The theme for this year’s World Day of Prayer gatherings is “Let justice prevail”. We have been learning a little of what life is like for people and especially women in Malaysia. As of 2011 Malaysia has been classified as a newly industrialized country. It has made great economic progress over recent years, but that does not mean that the wealth that has been created has been shared equitably with all of Malaysia’s citizen.
There are still great injustices and this morning we have heard how some people have struggled and responded to those injustices, for themselves and for others.
Malaysia is a very diverse country, ethnically culturally, spiritually. The government has done much to try and bring about unity but the division and therefore the injustices continue as one group is favoured over another.
We have prayed for Malaysia in this struggle and if you are anything like me you may have felt glad we live here in Australia on King Island.
We have just heard the story of Irene Fernandez and her research and work with migrant workers in detention centres and how the government responded to that research by arresting her imprisoning her for 7 years on charges of, “maliciously publishing false news”.
One of the very hot political topics is Asylum seekers ... or as the newspapers incorrectly labels them, “illegal entrants”. Label like that are good. They help justify actions that might not otherwise stand up to scrutiny. Especially if you can demonise those you wish to treat with injustice, add label like “Muslim terrorist” and it becomes acceptable to believe anything of “them”.
That they might callously throw their children over board that their reason for coming 1000’s of kms on a leaky boat is so they can become suicide bombers.
I worked for 2 years as a Chaplain to Villawood Immigrant Detentions Centre before being banned from entering a detentions centre after speaking out about what I had seen there.
There I met Muslims, Tamil Tigers, Iraqis, Iranians, Fijians, Chinese, Africans and even English detainees and refugees.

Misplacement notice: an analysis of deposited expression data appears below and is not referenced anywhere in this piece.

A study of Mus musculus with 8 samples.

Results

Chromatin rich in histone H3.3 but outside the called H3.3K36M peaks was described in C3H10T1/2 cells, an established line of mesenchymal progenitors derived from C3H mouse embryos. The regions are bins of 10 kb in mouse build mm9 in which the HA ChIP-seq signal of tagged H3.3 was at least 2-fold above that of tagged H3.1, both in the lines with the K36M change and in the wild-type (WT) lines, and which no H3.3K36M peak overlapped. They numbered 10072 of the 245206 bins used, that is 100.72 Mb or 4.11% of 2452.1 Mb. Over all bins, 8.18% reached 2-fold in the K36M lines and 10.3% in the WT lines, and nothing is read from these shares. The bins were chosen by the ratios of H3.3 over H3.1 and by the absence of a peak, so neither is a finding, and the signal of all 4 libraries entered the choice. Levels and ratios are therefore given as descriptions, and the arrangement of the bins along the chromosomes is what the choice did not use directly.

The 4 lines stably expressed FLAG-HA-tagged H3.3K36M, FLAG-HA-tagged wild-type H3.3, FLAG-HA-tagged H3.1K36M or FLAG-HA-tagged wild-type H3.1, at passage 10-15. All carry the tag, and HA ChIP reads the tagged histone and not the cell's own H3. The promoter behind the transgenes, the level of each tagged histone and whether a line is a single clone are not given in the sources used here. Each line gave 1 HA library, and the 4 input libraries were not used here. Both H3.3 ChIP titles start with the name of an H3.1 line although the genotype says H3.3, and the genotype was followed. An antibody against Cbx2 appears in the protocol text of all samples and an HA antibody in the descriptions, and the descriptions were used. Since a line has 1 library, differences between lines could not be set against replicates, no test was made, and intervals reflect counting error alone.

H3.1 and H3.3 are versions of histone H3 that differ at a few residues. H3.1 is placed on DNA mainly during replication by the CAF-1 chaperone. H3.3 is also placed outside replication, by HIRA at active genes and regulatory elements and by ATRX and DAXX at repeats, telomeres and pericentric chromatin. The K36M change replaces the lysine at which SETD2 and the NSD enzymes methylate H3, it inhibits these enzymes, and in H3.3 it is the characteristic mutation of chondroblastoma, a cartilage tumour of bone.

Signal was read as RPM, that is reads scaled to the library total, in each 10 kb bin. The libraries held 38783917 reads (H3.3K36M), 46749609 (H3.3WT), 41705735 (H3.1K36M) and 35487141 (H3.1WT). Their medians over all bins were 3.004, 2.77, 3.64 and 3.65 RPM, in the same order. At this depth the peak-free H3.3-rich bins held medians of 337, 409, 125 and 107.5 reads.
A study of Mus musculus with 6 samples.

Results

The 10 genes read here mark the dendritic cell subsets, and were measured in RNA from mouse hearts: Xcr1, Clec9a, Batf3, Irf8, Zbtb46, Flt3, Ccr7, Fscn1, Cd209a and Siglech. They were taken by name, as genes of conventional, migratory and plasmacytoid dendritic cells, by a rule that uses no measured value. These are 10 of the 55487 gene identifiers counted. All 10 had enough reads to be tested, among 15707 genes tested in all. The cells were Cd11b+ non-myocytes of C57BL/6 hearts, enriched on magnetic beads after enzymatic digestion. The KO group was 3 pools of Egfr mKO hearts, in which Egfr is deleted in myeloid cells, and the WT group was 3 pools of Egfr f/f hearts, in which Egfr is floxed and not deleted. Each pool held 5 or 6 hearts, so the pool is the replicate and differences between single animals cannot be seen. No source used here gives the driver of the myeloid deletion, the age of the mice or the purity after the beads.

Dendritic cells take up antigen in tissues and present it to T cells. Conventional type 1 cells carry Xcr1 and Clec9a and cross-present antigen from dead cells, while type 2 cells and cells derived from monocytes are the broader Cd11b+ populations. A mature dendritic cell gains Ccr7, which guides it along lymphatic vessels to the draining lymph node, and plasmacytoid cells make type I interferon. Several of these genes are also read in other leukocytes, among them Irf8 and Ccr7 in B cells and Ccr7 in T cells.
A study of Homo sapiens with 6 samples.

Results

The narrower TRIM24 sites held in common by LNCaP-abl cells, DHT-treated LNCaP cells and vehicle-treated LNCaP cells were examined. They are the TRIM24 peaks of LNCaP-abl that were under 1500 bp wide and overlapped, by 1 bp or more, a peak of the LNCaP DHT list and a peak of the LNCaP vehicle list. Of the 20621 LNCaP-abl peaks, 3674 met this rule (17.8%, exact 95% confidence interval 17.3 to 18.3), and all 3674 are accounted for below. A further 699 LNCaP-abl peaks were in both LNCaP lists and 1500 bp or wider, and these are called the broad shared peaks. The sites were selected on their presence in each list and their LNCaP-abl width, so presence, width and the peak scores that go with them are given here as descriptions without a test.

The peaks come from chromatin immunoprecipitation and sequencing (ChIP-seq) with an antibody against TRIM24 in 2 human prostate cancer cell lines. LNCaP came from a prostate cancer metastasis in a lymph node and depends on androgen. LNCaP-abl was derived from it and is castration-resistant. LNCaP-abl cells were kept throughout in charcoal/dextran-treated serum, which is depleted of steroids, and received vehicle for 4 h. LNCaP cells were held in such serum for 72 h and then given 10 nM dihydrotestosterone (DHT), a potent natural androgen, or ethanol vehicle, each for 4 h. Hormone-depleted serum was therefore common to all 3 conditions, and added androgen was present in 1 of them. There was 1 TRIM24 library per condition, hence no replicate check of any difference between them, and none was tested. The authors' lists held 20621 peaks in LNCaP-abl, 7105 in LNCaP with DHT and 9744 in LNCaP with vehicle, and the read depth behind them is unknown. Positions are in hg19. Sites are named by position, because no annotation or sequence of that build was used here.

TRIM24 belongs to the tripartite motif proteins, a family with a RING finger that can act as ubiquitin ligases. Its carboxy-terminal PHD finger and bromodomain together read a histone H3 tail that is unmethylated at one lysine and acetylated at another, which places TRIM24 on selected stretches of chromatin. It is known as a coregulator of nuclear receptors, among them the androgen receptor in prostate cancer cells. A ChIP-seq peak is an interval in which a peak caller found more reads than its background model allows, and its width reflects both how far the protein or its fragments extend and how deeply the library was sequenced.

I sat with them, ate with them, prayed with some, cried with others and I marvelled how just like me they all were. They wanted safety, and a home, they wanted the best for their children. Poverty though made their choice limited they sometimes arrived at solutions that shocked but I found that their motives were usually rational and when explained, I may well have been forced to make the same responses.
· For one mother this meant giving her daughter to a wealthy Canadian as his property, as an owned slave because in Canada she would eat, have health care and only be expected to please one man. In her own country these things could not be taken for granted.
· Much of the political debate in Australia over recent years has been in what we should do with these people. Should we send them to Nehru or the Malaysian solution? Malaysia!
· We have just heard what conditions are like in the camps there for migrants.
· I think it is only possible for Australians to contemplate this sort of injustice when people remain a “label” , remain “other”. When we consider it a case of “us or them”.
Treating people with love and justice though is risky ...
· It can make us vulnerable; when we love instead of fear we risk being rejected.
· When we treat people with generosity; some people will take advantage of that generosity.
· It is emotionally draining caring for the poor those who are marginalized. Rather than sending them away to become someone else’s problem.
But when strangers become known to us, we learn that we share hopes, fears and dreams. They cease to be the enemy, the other, the refugee, the alien and instead we together become more human. We might even become friends, we may treat them with love ... not fear. With justice ... instead of inhumanity.